Category Archives: voting

13/12/19: UK Vote and Younger Voters

On foot of the UK General Elections results, here is a telling sign of the changing generational effects on voting with some questions for the U.S. 2020 election:

Given the above numbers, the 'younger voters tide of change' expected in 2020 in the U.S. elections is a function of two factors: turnouts and demographic concentrations. We are, of course, yet to get this data from the UK polls.

Worth thinking about these, if you are a political analyst.

Note: some data on voter turnout as of 627 MPs elections completed.

  • Turnout was about 67%; circa two-points lower than in 2017, signalling no upswell in political activism by the voters. Given that younger cohorts of eligible voters increased in numbers, while older cohorts diminished due to time lapse, this suggests that younger voters were not as energised to show up at the polls as media hype suggested.
  • Per Brunel University analysis: "youth turnout lagged well behind that of their elders. If we look at the 20 constituencies with the highest proportion of 18-35 year olds, the average turnout yesterday was 63%; the turnout for the 20 constituencies with the fewest 18-35 year olds was 72%." See:'s-car-crash-result-by-age-group. Again, evidence that the younger, more 'Remain', voters were not sufficiently fired up to show up at the polls. 
  • Per same source: "The decline in turnout since 2017 was also slightly greater – at 1.5 points lower – in those constituencies with more young adults than those with the fewest – where it was 0.8 points lower." Again, a signal of younger voter apathy?
  • Younger voters did go for Labour: "Labour held onto every one of the constituencies with the highest number of 18-35 year olds that it won in 2017."
Here is a really damning conclusion, emphasis mine: "What is clear is that, once again, claims of a youthquake – a sharp rise in turnout among young voters that would benefit the Labour party – have proven well short of the mark. At no point in the campaign have the opinion polls suggested that a youth turnout surge would materialise, but there was a great deal of excitement surrounding the surge in voter registrations among the under-35s – 2.8 million between October and December of this year, more than half a million more than in the same period before the 2017 election – which fuelled claims that a youthquake was on the horizon."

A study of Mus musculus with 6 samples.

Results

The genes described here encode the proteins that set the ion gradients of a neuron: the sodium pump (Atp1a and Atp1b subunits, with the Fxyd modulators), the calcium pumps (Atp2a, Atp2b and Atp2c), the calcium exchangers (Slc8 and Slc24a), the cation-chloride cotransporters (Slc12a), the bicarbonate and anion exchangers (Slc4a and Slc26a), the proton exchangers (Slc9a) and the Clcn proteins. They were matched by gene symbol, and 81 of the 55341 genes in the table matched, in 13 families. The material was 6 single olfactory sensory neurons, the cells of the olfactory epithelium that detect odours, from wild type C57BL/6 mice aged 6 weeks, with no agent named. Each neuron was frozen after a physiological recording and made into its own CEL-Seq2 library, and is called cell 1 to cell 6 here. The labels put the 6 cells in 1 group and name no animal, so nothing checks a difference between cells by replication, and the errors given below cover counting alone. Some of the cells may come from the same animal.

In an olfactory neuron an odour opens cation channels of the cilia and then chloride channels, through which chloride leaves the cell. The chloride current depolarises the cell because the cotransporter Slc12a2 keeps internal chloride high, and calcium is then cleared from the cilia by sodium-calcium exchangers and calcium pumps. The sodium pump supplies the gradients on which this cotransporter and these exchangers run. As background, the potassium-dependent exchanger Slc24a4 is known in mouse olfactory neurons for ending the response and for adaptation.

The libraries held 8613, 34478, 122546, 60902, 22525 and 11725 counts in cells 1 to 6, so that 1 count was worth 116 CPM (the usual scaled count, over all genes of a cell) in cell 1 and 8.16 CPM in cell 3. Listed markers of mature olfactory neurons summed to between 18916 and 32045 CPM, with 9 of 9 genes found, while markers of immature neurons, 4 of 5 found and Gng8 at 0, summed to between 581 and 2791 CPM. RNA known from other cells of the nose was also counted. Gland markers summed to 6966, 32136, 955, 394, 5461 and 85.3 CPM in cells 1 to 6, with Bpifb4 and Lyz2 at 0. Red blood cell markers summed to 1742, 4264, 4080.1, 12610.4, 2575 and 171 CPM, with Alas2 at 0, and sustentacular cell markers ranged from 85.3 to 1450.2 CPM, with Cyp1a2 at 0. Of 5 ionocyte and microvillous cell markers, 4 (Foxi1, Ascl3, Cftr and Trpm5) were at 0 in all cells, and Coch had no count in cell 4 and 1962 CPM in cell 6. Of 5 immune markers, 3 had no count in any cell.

20/5/16: Migrating Extremism: Long Run Impact on Voters Preferences

What happens when there is a systemic pattern of migration across borders and geographies that captures migration by political extremists?

This is neither a trivial question nor an esoteric one. It is non-trivial, because, to the best of my knowledge, we are yet to have a good understanding of what happens in the aftermath of military and political efforts to curb extremism. Curbing extremism pushes some of it into underground, but if attempts to curb extremism are not uniform across various geographies, it also incentivises selective migration of large numbers of extremists to those locations, where the efforts to curb their ideologies and behaviour are less strong. If so, when such a migration is feasible on large enough scale, asymmetric treatment of extremists across two geographies can lead to a concentration of extremists in that geography where they are treated more leniently.

This is the logic. What about the evidence?

Here is a fascinating study by Ochsner, Christian and Roesel, Felix, titled Migrating Extremists (March 10, 2016) published so far as a CESifo Working Paper (Series No. 5799:

Quoting their abstract (emphasis is mine):

  • "We show that migrating extremists shape political landscapes toward their ideology in the long run
  • "We exploit the unexpected division of the state of Upper Austria into a US and a Soviet occupation zone after WWII. Zoning prompts large-scale Nazi migration to US occupied regions
  • "Regions that witnessed a Nazi influx exhibit significantly higher voting shares for the right-wing Freedom Party of Austria (FPÖ) throughout the entire post-WWII period, but not before WWII. 
  • "We can exclude other channels that may have affected post-war elections, including differences in US and Soviet denazification and occupation policies, bomb attacks, Volksdeutsche refugees and suppression by other political parties. 
  • "We show that extremism is transmitted through family ties and local party branches. We find that the surnames of FPÖ local election candidates in 2015 in the former US zone are more prevalent in 1942 phonebook data (Reichstelefonbuch) of the former Soviet zone compared to other parties."
This is pretty much nuclear. Migration of individuals holding extremist beliefs, when systematically biased in favour of a specific location, does lead to concentration of extremist voters and such concentration is robust over time. Big lessons to be learned for today's migration regulation and institutional environment, as well as the systems of incentives and pressures that drive the migrant selection mechanisms.